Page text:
Arthritis is the term used to describe painful conditions of joints and bones. There are two main types of arthritis: osteoarthritis and rheumatoid arthritis.
What are the main differences between the two types of arthritis?
Osteoarthritis is the more common form of arthritis. Cartilage, or the connective tissue, between the bones gradually wastes away, and this can lead to painful rubbing of bone on bone in the joints. It may also cause joints to fall out of their natural positions (misalignment). The most frequently affected joints are in the hands, spine, knees and hips.
Rheumatoid arthritis is a more severe but less common condition. The body’s immune system attacks and destroys the joint, causing pain and swelling. It can lead to reduction of movement, and the breakdown of bone and cartilage. Both types of arthritis are usually associated with older people.
What are the symptoms?
The main symptoms of all forms of arthritis include: stiffness, pain, restricted movements of the joints, swelling, and warmth and redness of the skin over the joint.
What causes arthritis?
The cause of osteoarthritis is not fully known. One theory is that some people are genetically predisposed to developing the disease. Factors that may contribute to the development of osteoarthritis include: obesity, which puts added strain on joints, and jobs or activities that involve repetitive movements of a particular joint. Rheumatoid arthritis is caused by a fault in the immune system that makes the body to attack its own tissues.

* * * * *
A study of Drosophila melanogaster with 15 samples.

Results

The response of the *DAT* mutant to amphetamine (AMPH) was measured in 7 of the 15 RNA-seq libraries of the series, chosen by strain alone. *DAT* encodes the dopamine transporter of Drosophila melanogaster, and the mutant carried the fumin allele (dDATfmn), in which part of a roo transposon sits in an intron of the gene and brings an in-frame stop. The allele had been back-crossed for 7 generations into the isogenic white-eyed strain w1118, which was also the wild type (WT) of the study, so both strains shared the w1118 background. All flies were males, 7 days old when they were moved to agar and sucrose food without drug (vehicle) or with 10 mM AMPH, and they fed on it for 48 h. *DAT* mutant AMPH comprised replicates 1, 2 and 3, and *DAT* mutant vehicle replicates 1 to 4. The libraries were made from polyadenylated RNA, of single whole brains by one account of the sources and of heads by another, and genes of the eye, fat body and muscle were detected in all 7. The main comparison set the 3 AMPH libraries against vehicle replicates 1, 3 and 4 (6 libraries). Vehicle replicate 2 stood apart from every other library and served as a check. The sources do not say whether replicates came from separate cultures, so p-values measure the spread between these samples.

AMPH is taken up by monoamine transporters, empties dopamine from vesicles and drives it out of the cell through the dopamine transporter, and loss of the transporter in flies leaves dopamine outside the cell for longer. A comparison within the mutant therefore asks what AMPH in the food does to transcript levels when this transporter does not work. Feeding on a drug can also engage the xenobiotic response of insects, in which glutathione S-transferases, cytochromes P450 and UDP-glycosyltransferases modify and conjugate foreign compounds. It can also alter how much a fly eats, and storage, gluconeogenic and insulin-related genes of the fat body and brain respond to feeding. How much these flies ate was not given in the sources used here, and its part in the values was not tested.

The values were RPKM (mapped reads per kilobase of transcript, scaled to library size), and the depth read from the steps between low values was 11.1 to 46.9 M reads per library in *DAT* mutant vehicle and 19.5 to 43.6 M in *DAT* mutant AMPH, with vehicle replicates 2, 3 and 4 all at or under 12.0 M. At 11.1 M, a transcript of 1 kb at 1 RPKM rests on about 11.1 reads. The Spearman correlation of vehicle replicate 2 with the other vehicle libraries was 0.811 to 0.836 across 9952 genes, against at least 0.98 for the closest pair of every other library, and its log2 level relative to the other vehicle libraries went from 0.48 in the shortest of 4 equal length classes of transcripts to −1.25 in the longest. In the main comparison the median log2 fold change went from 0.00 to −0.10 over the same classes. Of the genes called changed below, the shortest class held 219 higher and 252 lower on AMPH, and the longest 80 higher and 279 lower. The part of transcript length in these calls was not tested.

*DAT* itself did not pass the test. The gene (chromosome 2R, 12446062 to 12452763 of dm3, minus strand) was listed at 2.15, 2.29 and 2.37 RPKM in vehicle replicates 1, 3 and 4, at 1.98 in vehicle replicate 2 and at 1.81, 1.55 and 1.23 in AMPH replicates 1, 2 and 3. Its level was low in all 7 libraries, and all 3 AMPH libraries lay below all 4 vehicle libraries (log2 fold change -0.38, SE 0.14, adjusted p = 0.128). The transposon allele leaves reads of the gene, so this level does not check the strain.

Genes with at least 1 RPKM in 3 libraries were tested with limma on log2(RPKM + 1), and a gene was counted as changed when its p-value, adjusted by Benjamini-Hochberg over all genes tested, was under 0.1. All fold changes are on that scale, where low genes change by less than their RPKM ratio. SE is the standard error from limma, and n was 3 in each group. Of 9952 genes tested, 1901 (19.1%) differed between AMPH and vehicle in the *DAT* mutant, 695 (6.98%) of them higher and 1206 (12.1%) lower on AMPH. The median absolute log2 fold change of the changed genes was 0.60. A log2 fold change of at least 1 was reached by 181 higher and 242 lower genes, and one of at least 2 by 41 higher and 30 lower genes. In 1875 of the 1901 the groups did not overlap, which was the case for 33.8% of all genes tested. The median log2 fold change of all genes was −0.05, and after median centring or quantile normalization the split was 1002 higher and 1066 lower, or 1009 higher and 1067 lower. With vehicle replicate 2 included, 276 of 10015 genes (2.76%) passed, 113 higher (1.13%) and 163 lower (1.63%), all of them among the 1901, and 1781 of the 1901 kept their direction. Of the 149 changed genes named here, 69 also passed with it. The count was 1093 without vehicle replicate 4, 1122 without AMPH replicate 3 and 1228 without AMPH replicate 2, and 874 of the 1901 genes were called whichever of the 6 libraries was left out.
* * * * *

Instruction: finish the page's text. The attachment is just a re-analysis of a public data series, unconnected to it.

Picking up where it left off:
Can the illness be treated?
Everyone experiences arthritis in a different way so individual treatment is usually given. Your doctor may prescribe you drugs and a physiotherapist may give you exercises to do.
Is there any way to prevent the illness?
Keeping your weight under control may help to ease pressure on your joints and reduce the severity of osteoarthritis. Weight-bearing exercises, such as walking, will help to prevent osteoarthritis by increasing the strength of the muscles that support your joints. Good posture can assist the strengthening of healthy joint structures. Having physiotherapy, and using a walking stick, can help prevent existing osteoarthritis from becoming worse. There is no known way to prevent rheumatoid arthritis.